Egypt polls kick off amid high opposition hopes

Egypt polls kick off amid high opposition hopes

Egyptians start electing new parliament amid resurgence of banned Muslim Brotherhood.

By Jean-Marc Mojon – CAIRO

Egyptians started electing a new parliament Wednesday after a campaign that saw deep division among the secular opposition and a resurgence of the banned Muslim Brotherhood.

Thousands of polling stations started opening at 8:00 am (0500 GMT) in the first round of the first phase of the month-long parliamentary elections.

“The participation of the nation’s sons and daughters is key to the success of the next parliamentary elections in the same way it was key to the success of the presidential poll,” President Hosni Mubarak said in a televised address on Tuesday night.

Turnout barely topped 10 percent in the previous elections. They were dominated by Mubarak’s ruling National Democratic Party (NDP), which controls 404 out of the 454 seats in parliament.

In the NDP bastion of Helwan in southern Cairo, supporters of Military Production Minister Sayed Meshaal were neatly lined up outside polling stations before they even opened.

“I will vote for Sayed Meshaal because he’s NDP and he promised us to create jobs for the youth and offer training,” said Hatem Tawfiq, wearing a T-shirt emblazoned with his favourite candidate.

While the presidential election in which Mubarak swept to a fifth six-year mandate two months ago saw an unprecedented national debate on reform, the legislative polls are a very local and personalised affair where votes are lost and won with promises for micro-projects, jobs and bribes.

The official unemployment rate is close to 10 percent but observers put the figure at twice that.

The first round of polling involves close to 11 million voters, more than 10,000 ballot boxes and in excess of 1,600 candidates vying for 164 parliamentary seats.

Results of the first round are expected on Thursday and any run-offs are due to be contested on November 15, before the second phase of polling kicks off five days later.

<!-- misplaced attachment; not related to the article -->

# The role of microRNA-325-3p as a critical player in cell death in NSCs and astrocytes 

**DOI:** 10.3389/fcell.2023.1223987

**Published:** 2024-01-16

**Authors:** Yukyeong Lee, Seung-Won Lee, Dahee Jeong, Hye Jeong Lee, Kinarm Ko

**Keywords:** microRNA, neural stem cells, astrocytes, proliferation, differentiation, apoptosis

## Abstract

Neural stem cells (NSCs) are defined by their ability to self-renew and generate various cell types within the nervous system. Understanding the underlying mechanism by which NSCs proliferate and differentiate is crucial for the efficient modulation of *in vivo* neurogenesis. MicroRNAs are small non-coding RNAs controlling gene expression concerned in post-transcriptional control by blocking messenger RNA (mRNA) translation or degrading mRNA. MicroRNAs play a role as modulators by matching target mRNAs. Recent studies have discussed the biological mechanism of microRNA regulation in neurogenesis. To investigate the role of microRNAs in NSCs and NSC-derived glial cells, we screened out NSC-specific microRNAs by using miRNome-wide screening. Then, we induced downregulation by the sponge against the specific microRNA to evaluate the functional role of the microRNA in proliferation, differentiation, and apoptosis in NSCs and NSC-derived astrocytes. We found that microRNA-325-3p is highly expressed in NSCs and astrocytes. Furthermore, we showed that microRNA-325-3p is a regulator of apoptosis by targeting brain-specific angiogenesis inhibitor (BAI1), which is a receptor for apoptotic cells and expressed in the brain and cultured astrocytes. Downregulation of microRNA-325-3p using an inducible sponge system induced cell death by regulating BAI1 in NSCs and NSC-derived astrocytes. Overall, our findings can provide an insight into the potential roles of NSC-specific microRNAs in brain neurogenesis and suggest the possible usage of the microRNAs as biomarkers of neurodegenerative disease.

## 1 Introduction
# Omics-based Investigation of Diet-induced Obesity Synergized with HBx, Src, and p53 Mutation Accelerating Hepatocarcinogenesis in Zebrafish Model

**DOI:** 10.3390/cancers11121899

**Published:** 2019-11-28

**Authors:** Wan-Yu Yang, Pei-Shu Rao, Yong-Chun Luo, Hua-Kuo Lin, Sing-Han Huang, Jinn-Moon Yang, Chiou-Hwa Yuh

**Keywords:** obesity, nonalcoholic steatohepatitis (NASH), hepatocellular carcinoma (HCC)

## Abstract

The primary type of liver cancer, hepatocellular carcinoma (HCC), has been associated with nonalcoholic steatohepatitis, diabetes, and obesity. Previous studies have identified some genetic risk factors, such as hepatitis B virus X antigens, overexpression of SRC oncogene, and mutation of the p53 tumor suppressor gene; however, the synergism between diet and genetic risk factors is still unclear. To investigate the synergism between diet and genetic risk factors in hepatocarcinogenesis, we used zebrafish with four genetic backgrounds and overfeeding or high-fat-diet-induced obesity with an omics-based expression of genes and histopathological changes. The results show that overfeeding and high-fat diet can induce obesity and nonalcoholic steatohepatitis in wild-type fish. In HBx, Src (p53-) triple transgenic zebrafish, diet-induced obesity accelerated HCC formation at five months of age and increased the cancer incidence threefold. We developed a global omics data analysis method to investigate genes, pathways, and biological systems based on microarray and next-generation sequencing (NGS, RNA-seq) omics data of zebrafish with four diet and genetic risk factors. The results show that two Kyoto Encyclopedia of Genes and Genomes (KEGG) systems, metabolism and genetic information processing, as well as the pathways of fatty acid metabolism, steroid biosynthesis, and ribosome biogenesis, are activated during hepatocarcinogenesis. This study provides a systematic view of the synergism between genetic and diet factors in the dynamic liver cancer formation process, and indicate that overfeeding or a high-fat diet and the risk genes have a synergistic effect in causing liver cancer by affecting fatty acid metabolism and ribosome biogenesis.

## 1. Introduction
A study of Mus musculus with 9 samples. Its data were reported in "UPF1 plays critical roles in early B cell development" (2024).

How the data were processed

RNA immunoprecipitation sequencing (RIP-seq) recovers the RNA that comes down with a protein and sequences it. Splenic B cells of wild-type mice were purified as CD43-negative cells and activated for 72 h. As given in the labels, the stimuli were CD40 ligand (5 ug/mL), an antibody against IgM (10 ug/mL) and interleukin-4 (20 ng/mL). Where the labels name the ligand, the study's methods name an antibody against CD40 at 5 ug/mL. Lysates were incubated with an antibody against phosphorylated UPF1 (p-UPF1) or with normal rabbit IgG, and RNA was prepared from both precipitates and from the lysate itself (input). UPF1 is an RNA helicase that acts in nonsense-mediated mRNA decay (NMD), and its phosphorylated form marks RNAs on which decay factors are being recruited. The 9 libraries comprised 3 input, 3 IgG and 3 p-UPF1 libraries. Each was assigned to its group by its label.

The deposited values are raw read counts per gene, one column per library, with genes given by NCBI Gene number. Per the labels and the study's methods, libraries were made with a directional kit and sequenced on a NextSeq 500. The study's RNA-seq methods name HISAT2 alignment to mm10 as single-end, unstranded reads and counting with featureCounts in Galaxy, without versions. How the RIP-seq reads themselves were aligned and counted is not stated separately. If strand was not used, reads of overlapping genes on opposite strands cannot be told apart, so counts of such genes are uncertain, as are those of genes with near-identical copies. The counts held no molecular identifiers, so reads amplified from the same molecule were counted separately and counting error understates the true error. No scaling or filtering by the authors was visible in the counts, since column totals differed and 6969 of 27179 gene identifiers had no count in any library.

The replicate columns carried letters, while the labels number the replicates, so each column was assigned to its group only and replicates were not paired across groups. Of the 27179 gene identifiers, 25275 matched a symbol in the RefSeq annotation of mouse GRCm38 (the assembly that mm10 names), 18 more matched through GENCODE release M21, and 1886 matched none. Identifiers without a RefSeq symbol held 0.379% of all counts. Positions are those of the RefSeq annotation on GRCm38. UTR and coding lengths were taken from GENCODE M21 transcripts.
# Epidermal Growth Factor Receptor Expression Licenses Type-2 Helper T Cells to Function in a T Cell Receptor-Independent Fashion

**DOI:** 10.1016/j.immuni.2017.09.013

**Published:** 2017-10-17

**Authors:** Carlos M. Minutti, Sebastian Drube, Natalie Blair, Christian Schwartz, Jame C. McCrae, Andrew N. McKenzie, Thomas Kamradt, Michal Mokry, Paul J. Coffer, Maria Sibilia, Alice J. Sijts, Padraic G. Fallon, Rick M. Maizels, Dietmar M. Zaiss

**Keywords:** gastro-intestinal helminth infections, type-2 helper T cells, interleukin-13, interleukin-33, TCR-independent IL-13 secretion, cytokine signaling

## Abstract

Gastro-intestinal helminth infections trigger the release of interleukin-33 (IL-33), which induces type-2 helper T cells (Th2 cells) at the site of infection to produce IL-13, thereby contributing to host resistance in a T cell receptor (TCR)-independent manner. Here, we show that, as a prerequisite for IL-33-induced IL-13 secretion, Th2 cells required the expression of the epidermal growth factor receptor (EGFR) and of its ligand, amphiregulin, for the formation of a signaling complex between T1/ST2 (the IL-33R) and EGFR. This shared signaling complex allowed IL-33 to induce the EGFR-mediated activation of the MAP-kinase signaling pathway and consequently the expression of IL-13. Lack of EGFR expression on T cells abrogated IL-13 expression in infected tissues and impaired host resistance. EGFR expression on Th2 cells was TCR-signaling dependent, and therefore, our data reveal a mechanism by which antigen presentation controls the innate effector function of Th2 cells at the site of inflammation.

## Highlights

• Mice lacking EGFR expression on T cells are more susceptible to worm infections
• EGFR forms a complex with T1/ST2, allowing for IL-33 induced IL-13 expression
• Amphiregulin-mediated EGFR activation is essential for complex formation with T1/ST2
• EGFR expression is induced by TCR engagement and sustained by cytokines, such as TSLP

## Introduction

Civil monitors have expressed hope that their increased presence in and around polling stations will allow more transparent elections than in previous years but have continued to raise doubts over the counting process.

“One has to admit that the conditions in which the campaign took place were much better than those that prevailed in previous elections,” said Mustafa Kamel al-Sayyed, a political analyst from the Al-Ahram Research Centre.

The opposition is hoping to make substantial gains during these elections, which will take place under international scrutiny, as the United States continues its push for democracy in the Middle East.

The banned but tolerated Muslim Brotherhood is already the largest opposition force in parliament with 15 seats and it hopes to cash in on the unprecedented level of freedom it was granted during the campaign.

During a run-up to the elections which was subdued by the Muslim holy month of Ramadan, the Islamist movement led by far the most aggressive and organised campaign, under the slogan “Islam is the solution”.

Its leaders have said they hoped to secure 50 seats in the next parliament but some election watchers have warned the NDP could seek to limit the Brotherhood’s political rise by rigging the results.

The other main opposition bloc which is made up of several movements – including the Kefaya group, the liberal Wafd, the Marxist Tagammu and the Nasserist party – has been plagued by internal divisions.

The stakes are high for the opposition as a controversial constitutional amendment introduced by Mubarak earlier this year states that a party will need to control at least five percent of seats in parliament to field a candidate in the 2011 presidential election.